A 10-year-old Belgian girl who suffers from epilepsy that is so severe that she can barely move is now able to walk in place, thanks to the help of a new “robot.” Her parents are asking for donations so she can continue the treatment.
Young Femke Callebaut suffers from a severe form of epilepsy which has rendered her unable to talk, eat alone or walk. However, thanks to the help of a “robot” at TrainM’s neuro-rehabilitation center in Antwerp, the girl can walk in place while she is upright. Femke gets placed in a harness while her legs are strapped into two sets of robotic motors that mimic the movement of walking.
Femke’s mother, Wendy Vermassen, 38, and father, Timmy Callebaut, 44, say the new treatment has been a godsend. However, they also say they can’t afford to continue the treatments by themselves, because the government does not cover the cost.
Femke’s father says was less than 5 months old when she had her first major seizure, and after many tests, doctors diagnosed her with Dravet syndrome, a serious form of epilepsy caused by a genetic defect.
“In our country, there are only five children with that severe form of the disease, ” says her mother. “And Femke seems to be most affected.”
Femke is in a wheelchair, cannot eat, talk or walk independently. She is also very sensitive, becoming quickly overstimulated by crowds or noise, and becoming sick very easily.
The couple juggles full-time jobs with the 24-hour care of their daughter; he works as a butcher and she works in a supermarket.
“I get up every day at four in the morning to take off her probe,” Vermassen says. “That way her stomach can relax before we start the medication. We do that intermittently from 5:30 a.m. until 7 a.m. Then she goes to a special school. That way we can both work full-time, my husband at night and me during the day. We constantly alternate, so there can always be someone with Femke, should she fall sick.”
But the TrainM device offers hope that things won’t always be that way. “After the first time she thought it was great. Femke is rather withdrawn, but she blossoms during and after the sessions. She is very proud to be able to stand upright. It has clearly enriched her life.”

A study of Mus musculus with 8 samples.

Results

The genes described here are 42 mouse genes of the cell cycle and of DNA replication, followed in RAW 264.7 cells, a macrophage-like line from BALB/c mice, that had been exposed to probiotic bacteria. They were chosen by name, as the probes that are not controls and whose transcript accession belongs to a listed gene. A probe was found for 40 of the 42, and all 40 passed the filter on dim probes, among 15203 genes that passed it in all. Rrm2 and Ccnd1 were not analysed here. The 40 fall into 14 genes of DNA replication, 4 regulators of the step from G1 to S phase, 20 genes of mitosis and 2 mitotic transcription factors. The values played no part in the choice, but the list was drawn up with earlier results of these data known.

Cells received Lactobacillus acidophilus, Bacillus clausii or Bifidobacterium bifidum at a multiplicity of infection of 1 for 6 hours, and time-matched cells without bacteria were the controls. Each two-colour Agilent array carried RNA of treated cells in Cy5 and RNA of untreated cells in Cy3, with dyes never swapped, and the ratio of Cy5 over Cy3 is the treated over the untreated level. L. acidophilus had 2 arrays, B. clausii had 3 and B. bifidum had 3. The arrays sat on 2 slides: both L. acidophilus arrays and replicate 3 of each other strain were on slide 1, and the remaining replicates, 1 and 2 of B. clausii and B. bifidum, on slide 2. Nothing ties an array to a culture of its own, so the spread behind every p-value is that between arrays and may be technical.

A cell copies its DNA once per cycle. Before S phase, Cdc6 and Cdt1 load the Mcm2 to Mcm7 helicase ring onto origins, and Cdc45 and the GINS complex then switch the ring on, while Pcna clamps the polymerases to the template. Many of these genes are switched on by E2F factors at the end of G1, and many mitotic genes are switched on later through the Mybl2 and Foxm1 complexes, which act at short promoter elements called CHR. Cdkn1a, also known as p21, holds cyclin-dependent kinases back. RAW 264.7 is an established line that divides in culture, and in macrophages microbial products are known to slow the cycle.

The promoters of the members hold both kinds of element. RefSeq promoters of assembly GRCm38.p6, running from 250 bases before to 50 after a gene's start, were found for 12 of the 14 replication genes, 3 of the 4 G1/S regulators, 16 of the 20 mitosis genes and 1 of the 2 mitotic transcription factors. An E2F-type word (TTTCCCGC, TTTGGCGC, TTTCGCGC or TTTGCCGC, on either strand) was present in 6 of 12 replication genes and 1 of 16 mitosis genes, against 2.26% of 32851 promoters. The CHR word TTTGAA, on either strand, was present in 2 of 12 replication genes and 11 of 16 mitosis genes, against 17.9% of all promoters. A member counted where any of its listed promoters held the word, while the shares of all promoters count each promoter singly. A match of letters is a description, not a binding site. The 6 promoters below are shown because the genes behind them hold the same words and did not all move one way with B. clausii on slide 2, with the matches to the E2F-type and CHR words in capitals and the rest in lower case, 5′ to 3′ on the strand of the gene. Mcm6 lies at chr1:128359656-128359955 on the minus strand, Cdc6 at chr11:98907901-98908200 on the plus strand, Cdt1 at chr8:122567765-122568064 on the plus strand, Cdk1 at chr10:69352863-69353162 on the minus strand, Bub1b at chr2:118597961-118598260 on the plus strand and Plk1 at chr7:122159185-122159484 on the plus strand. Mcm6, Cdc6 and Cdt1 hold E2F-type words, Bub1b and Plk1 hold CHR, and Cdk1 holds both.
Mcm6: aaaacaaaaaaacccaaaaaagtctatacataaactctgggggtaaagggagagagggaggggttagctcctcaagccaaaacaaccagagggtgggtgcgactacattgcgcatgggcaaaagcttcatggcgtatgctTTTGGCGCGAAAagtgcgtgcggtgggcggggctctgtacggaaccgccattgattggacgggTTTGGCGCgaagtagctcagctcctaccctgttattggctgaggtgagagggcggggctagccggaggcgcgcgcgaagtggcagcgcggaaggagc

The TrainM robot is one of a growing number of so-called “assistive technologies” being used to help those with severe disabilities. In addition to robotics, for example, the institute that Femke gets treated at offers therapies for the disabled that involve virtual reality, neuro-gaming; brain/computer interface and artificial intelligence.
Vermassen is sold on such devices, saying Femke’s TrainM walks offer a wider variety of benefits than she expected. “She always had cold feet, but not anymore because her blood circulation starts to flow [while on the machine]. She is also less likely to get sick, her bowel movements are better and she is finally getting muscles in her legs. ”
Callebaut says the treatment costs about $1,178 per month, on top of all the other medical expenses the parents are paying for their daughter’s treatment. Vermassen said that friends and family finally persuaded her and her husband to set up a crowdfunding page.
“I hesitated for a long time. I’m not comfortable with people depositing money to take care of my child. But I have to face up to the fact that we don’t have the money ourselves, and this is needed.”
So far, $7,387 U.S. has been raised of the $33,345 total which would cover her new therapy twice a week for at least three years and at the end of which, doctors hope, Femke will be able to walk by herself.
“People sometimes ask me if we have regrets,” Vermassen says. “Not at all, I say. Our lives indeed look different, but we also get a lot in return.”
(Edited by Matthew Hall and John Rossomando.)